GMAT : Analysis of An Argument
9. The following appeared in the opinion column of a financial magazine.
On average, middle-aged consumers devote 39 percent of their retail expenditure to department store products and services, while for younger consumers the average is only 25 percent. Since the number of middle-aged people will increase dramatically in the next decade, department stores can expect retail sales to increase significantly during the period. Furthermore, to take advantage of the trend, these stores should begin to replace some of the products intended to attract the younger consumer with products intended to attract the middle-aged consumer.
Discuss how well reasoned you find this argument. In your discussion be sure to analyze the line of reasoning and the use of evidence in the argument. For example, you may need to consider what questionable assumptions underline the thinking and what alternative explanations or counterexamples might weaken the conclusion. You can also discuss what sort of evidence would strengthen or refute the argument, what changes in the argument would make it more logically sound and what, if anything, would help you better evaluate in conclusion.
Based on an expected increase in the number of middle-aged people during the next decade, the author predicts that retail sales at department stores will increase significantly over the next ten years.
To bolster this prediction, the author cites statistics showing that middle-aged people devote a much higher percentage of their retail expenditure to department store services and products than younger consumers do.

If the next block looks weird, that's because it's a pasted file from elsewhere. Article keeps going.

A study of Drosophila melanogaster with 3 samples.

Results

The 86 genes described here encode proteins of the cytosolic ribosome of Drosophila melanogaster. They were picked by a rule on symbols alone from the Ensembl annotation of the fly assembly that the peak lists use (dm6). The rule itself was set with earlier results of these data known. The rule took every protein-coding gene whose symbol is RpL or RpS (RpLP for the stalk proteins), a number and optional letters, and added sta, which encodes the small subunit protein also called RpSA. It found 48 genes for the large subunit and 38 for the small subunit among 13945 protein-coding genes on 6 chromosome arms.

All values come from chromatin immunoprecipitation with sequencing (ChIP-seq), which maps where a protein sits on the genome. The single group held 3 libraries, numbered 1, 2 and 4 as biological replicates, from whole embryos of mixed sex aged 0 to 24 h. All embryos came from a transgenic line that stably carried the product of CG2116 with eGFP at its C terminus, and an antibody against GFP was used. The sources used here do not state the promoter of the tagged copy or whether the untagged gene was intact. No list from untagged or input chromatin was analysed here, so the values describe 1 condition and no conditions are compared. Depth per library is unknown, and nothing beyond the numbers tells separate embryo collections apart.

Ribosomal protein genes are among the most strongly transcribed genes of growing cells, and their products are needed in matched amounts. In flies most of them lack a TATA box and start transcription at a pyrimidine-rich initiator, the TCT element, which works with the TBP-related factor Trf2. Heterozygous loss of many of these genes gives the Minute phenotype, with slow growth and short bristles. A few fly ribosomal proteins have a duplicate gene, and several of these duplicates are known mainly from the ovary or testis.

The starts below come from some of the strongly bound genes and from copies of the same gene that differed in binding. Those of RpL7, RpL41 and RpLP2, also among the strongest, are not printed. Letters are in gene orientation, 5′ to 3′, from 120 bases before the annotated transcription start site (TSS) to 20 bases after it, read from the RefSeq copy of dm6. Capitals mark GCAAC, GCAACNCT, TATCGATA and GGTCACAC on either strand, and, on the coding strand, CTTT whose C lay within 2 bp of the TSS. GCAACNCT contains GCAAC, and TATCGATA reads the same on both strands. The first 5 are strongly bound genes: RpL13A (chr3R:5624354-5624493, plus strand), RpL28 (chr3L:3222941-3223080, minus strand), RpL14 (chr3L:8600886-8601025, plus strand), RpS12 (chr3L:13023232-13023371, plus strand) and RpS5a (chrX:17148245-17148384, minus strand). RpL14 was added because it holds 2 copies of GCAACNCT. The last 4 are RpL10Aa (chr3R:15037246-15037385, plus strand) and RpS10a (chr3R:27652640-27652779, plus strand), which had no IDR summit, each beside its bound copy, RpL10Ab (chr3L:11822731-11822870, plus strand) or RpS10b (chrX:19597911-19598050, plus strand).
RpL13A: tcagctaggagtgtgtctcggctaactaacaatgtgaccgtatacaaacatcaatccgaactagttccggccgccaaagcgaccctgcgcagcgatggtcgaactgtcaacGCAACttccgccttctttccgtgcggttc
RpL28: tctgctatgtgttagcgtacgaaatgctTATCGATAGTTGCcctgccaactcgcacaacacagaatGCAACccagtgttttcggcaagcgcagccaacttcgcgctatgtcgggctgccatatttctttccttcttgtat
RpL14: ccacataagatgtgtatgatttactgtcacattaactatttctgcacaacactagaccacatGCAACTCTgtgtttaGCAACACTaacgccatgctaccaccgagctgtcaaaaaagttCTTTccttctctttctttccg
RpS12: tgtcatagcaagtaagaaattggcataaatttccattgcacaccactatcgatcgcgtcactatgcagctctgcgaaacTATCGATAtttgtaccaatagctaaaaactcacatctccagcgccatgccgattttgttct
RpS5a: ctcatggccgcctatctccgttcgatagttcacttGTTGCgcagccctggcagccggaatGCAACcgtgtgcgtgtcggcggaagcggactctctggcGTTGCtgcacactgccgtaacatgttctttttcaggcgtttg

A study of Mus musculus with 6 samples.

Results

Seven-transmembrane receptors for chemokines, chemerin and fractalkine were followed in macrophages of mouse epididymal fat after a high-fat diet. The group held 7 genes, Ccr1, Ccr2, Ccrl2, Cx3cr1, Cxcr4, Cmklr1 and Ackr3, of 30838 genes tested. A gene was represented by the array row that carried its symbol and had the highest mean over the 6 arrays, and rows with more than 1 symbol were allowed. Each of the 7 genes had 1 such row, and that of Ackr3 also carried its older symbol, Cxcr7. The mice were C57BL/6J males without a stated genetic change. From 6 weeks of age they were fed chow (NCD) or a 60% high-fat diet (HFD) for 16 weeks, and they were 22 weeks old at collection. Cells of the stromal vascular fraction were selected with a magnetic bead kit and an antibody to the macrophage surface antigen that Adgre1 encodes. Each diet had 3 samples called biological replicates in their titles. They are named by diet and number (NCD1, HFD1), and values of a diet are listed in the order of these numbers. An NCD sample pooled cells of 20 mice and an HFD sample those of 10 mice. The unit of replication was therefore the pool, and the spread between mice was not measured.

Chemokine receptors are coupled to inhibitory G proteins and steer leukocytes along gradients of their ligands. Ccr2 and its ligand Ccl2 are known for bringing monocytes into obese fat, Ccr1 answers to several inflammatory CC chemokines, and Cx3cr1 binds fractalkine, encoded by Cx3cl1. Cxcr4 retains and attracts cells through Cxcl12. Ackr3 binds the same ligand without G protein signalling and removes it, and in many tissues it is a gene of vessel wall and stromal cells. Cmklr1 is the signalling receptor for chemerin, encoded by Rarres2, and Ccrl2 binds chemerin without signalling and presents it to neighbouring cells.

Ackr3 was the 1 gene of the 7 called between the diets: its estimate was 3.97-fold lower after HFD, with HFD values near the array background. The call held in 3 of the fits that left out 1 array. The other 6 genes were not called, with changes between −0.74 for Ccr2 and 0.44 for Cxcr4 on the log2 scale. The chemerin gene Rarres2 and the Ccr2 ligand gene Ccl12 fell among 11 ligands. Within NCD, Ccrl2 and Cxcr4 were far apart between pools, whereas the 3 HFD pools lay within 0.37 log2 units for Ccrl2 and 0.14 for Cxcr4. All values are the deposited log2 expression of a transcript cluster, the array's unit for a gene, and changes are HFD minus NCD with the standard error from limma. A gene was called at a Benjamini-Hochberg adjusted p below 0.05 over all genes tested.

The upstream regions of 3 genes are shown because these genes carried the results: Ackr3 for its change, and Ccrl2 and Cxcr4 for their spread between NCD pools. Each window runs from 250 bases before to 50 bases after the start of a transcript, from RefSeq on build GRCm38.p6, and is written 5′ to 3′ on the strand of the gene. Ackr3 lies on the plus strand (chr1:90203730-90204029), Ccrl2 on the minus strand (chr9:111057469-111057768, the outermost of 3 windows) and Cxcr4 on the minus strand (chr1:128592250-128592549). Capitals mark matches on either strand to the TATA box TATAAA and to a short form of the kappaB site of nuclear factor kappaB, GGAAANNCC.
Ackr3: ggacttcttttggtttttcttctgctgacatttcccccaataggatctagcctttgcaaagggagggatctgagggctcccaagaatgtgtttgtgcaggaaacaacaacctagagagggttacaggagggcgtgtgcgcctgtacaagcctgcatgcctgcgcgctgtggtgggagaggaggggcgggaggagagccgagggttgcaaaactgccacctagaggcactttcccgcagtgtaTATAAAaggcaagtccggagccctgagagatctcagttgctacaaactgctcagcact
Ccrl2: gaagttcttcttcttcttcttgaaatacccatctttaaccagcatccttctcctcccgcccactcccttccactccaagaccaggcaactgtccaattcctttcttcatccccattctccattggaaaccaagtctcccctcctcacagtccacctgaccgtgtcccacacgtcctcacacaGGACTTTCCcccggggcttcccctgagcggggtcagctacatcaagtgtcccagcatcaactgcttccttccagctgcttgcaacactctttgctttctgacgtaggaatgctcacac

Since the number of middle-aged consumers is on the rise and since they spend more than younger people on department store goods and services, the author further recommends that department stores begin to adjust their inventories to capitalize on this trend.
Specifically, he recommends that department stores increase their inventory of products aimed at middle-aged consumers and decrease their inventory of products aimed at younger consumers. This argument is problematic for two reasons.
First, an increase in the number of middle-aged people does not necessarily portend an overall increase in department store sales. It does so only on the assumption that other population groups will remain relatively constant. For example, if the expected increase in the number of middle-aged people is offset by an equally significant decrease in the number of younger people, there would be little or no net gain in sales.
Second, in recommending that department stores replace products intended to attract younger consumers with products more suitable to middle-aged consumers, the author assumes that the number of younger consumers will not also increase. Since a sizable increase in the population of younger consumers could conceivably offset the difference in the retail expenditure patterns of younger and middle-aged consumers, it would be unwise to make the recommended inventory adjustment lacking evidence to support this assumption.
In conclusion, this argument is unacceptable. To strengthen this argument the author would have to provide evidence that the population of younger consumers will remain relatively constant over the next decade.